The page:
Drug Crimes Lawyers: Prescription Drugs
Prescription drugs are those drugs that can only be accessed by the use of a formal doctor’s agreement. Such drugs are used for a wide variety of purposes. For example, people take insulin to help them digest food or medication to control high blood pressure. While these are perfectly acceptable uses, prescription drugs can also be used for other purposes such as getting high. All such medications are intended to be tightly controlled. Officials do not want people using them unless medically required by a doctor. New York, like other legal jurisdictions, has been a place where the laws that govern such substances have been subject to many different kinds of changes. Changes in New York drug laws impact many parts of the community such as hospitals and pharmacies. They also impact all those who dealing with such medications including patients and the doctors who prescribe them. If you are facing a legal issue related to this area, it is important to understand the laws and what they mean.

A Classification

Like many other items, all drugs fall into a system of classification. This ranges from Schedule I to Schedule V. Completely illegal drugs like heroin fall into the Schedule I qualification. Other medications are prescription drugs. They are rated on a scale from the ones that are most likely to cause people to be addicted to the medications that far less likely to lead to an addiction. In general, it is illegal in New York to offer substances that are known to cause addictions without an underlying medical condition that may indicate a need. It is also illegal to buy them. These same laws also apply to those who are selling or buying an actual prescription for the medication. This is particularly true if the person doing so is not a legal professional licensed by the state and allowed to provide such prescriptions. A doctor other medical professional who offers this prescription can fall under what is known as the good faith idea. This means they are acting on what they perceive to be good information that serves the best interests of the patient. Anyone who facing such charges in any way should speak to an attorney as soon as possible. The attorney can help them realize what laws in this community might apply to their case as well as what penalties might in play if the case is not resolved in a satisfactory manner.

Potential Penalties

When it comes to prescription drug laws in New York, there are several factors that may be taken into account. For example, someone who has been convicted of this offense in the past may be subject to higher penalties than a first time offender. Penalties range from the fourth degree to the first. A fourth degree offense is considered a misdemeanor. In that case, the defendant may be subject to penalties ranging from having their case dismissed if it is a first time offense and the person charged has no prior record to up to a year in jail. The amount and value of the medications will also influence the kind of penalty the person may be facing under law. Someone who is found with a great amount of prescription drugs in an amount over a thousand dollars may be facing a third degree charge rather than a lesser charge.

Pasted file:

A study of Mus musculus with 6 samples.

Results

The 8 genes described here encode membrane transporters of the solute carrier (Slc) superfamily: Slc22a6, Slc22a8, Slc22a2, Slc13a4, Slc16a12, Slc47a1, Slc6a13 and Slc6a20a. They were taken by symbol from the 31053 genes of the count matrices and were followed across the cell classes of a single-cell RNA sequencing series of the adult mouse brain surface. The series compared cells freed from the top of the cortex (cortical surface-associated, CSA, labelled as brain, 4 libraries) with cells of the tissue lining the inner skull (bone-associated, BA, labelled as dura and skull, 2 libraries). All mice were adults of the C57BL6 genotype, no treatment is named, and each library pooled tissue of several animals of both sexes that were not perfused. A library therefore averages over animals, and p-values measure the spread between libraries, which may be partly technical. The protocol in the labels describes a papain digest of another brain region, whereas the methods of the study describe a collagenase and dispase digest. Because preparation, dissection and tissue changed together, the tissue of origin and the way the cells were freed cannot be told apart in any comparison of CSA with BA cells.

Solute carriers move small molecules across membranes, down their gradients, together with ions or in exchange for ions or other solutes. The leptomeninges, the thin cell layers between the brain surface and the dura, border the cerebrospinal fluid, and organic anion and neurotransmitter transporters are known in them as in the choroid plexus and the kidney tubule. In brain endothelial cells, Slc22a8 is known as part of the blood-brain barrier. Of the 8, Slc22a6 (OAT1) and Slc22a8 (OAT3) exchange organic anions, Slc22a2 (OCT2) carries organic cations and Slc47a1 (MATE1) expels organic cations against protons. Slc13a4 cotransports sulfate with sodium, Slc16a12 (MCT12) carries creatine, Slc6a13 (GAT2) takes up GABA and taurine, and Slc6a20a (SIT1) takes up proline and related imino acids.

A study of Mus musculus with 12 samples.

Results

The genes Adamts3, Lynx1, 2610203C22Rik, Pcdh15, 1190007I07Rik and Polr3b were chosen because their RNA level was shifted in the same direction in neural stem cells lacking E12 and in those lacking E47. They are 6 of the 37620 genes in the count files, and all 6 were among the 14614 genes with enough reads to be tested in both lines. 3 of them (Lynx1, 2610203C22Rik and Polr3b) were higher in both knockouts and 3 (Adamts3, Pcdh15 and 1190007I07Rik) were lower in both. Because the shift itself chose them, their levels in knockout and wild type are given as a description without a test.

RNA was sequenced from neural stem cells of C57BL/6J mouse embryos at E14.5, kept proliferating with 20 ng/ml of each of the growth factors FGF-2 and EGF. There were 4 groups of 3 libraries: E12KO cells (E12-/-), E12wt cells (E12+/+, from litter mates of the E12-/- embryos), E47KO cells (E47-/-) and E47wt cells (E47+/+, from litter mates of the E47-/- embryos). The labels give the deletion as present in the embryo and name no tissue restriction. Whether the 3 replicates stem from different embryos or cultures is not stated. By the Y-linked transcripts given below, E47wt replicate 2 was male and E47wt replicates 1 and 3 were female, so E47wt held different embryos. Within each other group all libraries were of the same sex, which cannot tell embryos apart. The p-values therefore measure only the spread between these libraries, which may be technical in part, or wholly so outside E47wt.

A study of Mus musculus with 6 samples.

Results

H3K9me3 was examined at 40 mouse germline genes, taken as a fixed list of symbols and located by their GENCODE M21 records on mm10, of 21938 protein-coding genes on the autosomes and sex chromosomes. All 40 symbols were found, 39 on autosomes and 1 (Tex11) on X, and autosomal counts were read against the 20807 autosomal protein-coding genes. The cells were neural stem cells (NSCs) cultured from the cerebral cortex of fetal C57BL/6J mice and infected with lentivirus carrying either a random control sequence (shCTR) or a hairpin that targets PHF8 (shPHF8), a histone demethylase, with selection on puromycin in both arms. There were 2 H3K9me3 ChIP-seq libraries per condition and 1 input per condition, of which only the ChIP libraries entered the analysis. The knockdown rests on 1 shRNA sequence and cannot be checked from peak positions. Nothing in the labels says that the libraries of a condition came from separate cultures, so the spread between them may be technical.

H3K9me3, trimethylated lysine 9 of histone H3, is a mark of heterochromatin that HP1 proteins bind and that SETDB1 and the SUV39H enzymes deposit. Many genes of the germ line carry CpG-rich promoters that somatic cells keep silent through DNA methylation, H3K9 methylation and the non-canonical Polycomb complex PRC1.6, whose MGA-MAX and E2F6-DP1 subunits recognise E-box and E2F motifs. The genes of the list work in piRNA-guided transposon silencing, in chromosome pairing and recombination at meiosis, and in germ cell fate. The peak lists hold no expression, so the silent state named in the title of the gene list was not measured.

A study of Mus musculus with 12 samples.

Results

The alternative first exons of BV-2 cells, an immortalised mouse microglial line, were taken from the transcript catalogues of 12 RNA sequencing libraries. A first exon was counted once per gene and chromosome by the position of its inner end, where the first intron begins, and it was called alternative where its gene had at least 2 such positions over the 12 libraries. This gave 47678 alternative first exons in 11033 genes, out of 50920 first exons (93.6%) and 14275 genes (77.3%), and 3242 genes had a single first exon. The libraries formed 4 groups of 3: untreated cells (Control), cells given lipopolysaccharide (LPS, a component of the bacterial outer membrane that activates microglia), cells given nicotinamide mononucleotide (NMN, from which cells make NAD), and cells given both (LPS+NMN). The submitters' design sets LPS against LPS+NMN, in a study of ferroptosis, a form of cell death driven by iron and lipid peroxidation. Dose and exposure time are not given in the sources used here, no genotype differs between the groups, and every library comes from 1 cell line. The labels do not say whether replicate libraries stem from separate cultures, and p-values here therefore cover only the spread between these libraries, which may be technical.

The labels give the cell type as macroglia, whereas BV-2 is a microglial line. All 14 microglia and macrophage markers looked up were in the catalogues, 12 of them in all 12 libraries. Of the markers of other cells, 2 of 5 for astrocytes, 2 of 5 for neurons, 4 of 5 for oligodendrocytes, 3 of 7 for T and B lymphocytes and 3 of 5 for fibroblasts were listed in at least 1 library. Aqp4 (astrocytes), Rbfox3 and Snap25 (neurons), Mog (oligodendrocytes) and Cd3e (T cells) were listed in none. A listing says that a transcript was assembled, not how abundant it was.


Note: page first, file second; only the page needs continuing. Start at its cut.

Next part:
As the amounts of medication and the value of the medication goes higher, the level of the criminal charge for selling or buying prescription drugs can also go higher. A second degree charge is when someone is selling or buying prescription drugs valued at over three thousand dollars. This can rise to a charge of class C felony if they are accused or found guilty of selling prescription drugs worth fifty thousand dollars or more. There are other kinds of issues that can also rise related to the use of prescription drugs.

Fraud or Deceit

If someone lies to the doctor or the pharmacy or other medical officials in regards to their need to use prescription drugs, this is also an offense that can result in criminal charges. They might indicate they have an illness such as cancer that needs medication when they do not have any such illness. A faked prescription or stealing a blank prescription and using it to obtain controlled substances may be subject to all kinds of legal penalties in the state of New York. The same is true if someone already has an illness and is being treated for that illness by another doctor. Failing to inform the second doctor about an existing prescription can lead to problems with the law and the filing of criminal charges. Having someone on your side in this instance is vitally important for all defendants.